Anthony J. Yeung
by Anthony J. Yeung

There’s nothing like a great workout: It helps you burn calories, melt fat, build muscle and improve your overall health and fitness. Plus, you get an opportunity to jam out to some awesome tunes. But how do you make sure you get the most from your training, especially on the days when you’re struggling to give it your all?

Before your next workout, don’t just throw a bunch of songs into one massive playlist for your entire workout. Instead, separate your songs according to their mood, speed and energy, so you can deliberately use each group to help carry you all the way from pre- to post-workout.


Before any exercise, you must go through a proper warmup. This includes foam rolling, dynamic stretches and activation exercises to open your muscles and joints, fire up your nervous system and increase your body temperature for ultimate performance.

You shouldn’t, however, go all-out during your warmup and neither should your music. Instead, listen to music that gets you in a positive and energetic mood without going too fast or too hard. That way, it’s calm enough to feel like you’re easing into your exercise for the day, but it’s fast enough to get your body moving and your blood flowing.

Something in the 115–120 bpm range should work well. Here are some ideas to get you started:


Depending on your training, here’s where you can really let loose and use music to amp you up and get your adrenaline and blood flowing. The right kind of songs can also help you feel less fatigued and serve as a distraction from those particularly difficult training days.

For high-intensity workouts, use high-energy, fast-paced music to give you the motivation to push the heaviest weights or finish that last interval strong. For lifting weights, try starting a new song before a heavy or difficult set, especially if there’s an awesome intro.

For steadier cardio exercises, try not to get too amped up with your music (unless you’re doing wind sprints or faster intervals). Instead, aim for a nice consistent pace and maintain your energy levels for longer durations.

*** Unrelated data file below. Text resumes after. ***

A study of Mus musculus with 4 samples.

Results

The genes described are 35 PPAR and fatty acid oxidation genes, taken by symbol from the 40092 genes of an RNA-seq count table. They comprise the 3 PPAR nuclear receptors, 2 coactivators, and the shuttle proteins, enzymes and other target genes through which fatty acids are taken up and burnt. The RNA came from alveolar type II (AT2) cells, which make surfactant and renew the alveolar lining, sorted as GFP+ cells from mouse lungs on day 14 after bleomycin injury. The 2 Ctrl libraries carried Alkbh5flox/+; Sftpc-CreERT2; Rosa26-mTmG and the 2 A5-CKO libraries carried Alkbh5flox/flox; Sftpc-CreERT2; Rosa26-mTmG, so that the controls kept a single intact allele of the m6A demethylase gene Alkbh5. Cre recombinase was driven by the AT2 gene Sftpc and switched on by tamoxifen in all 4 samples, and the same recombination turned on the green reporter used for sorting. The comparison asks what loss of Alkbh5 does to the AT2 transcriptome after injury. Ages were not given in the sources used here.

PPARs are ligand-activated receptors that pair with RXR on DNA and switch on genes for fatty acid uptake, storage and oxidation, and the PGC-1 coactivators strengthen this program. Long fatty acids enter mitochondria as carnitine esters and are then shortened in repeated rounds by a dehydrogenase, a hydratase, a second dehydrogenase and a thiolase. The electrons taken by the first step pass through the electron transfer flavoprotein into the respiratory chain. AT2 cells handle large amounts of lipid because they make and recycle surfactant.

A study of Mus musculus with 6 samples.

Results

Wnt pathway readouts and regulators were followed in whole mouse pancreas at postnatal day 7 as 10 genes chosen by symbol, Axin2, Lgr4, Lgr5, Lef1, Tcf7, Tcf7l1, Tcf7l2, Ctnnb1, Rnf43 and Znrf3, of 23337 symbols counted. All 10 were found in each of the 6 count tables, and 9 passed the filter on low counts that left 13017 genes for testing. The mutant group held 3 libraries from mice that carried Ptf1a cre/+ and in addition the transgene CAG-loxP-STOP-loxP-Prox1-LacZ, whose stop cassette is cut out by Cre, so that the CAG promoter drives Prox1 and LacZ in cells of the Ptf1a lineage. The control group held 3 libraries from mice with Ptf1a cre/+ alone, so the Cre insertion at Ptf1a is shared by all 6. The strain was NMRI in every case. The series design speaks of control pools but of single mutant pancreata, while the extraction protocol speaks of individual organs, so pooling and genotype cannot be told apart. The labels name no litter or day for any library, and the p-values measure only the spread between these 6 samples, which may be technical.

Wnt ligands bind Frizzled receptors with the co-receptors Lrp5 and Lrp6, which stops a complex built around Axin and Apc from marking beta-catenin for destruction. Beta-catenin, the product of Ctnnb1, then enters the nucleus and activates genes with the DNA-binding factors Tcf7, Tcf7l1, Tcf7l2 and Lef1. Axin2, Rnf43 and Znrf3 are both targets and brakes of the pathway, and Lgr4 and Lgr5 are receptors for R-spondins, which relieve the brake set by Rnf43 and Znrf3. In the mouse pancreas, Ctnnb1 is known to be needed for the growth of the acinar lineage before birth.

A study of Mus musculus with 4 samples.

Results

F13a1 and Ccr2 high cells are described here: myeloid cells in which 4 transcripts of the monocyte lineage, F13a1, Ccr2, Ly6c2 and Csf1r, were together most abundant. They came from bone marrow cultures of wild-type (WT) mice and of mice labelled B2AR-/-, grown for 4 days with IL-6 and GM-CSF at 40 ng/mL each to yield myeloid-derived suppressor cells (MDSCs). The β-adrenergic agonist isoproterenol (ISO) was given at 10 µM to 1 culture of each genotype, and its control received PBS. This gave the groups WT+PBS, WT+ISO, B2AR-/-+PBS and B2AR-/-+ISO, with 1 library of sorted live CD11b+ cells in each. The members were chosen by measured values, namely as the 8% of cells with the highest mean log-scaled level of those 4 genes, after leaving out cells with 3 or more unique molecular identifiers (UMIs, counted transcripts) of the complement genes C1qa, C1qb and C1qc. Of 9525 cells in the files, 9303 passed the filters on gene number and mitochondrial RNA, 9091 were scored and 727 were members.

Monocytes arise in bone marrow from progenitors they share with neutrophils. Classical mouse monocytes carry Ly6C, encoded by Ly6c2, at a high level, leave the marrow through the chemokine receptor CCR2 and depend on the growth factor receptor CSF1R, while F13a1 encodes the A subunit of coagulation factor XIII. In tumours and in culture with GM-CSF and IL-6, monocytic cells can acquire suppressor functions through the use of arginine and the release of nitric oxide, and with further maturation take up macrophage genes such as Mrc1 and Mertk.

Here’s a tip for runners specifically: Use your music to help you maintain the proper running cadence, which is the number of steps taken every minute. A general rule of thumb is to aim for about 180 beats per minute or three foot-strikes per second, so listen to songs around that same tempo. Want some suggestions? Here’s an eclectic group of songs around that range to get you started:


So you’ve just finished your last set in the gym or reached the end of your run — great job! What do you do now? Hit the shower? Do a few quick stretches and call it a day? Drink a protein shake?

Here’s what you need to understand: The “cooldown” to any kind of exercise is extremely important. The right routine can help your nervous system relax and start the recovery process, begin to soothe your tired muscles and refuel your body so it can start to repair and grow.

We recommend picking slower, soothing music like instrumentals, chill-out tunes, soft rock or whatever you find relaxing after a stressful day. (If your music is too fast, however, it would be counterproductive.) Listen to it while you foam roll, do some breathing exercises and finish with some gentle, relaxing stretches.

This calms your muscles and nervous system and helps you quickly get your heart rate back down to your normal range. Here are a few suggestions for slower, easier listening:


Anthony J. Yeung
Anthony J. Yeung

Anthony, a certified strength and conditioning specialist, is a fitness expert at Esquire, GQ and Men’s Health and gets guys in shape for their wedding at GroomBuilder.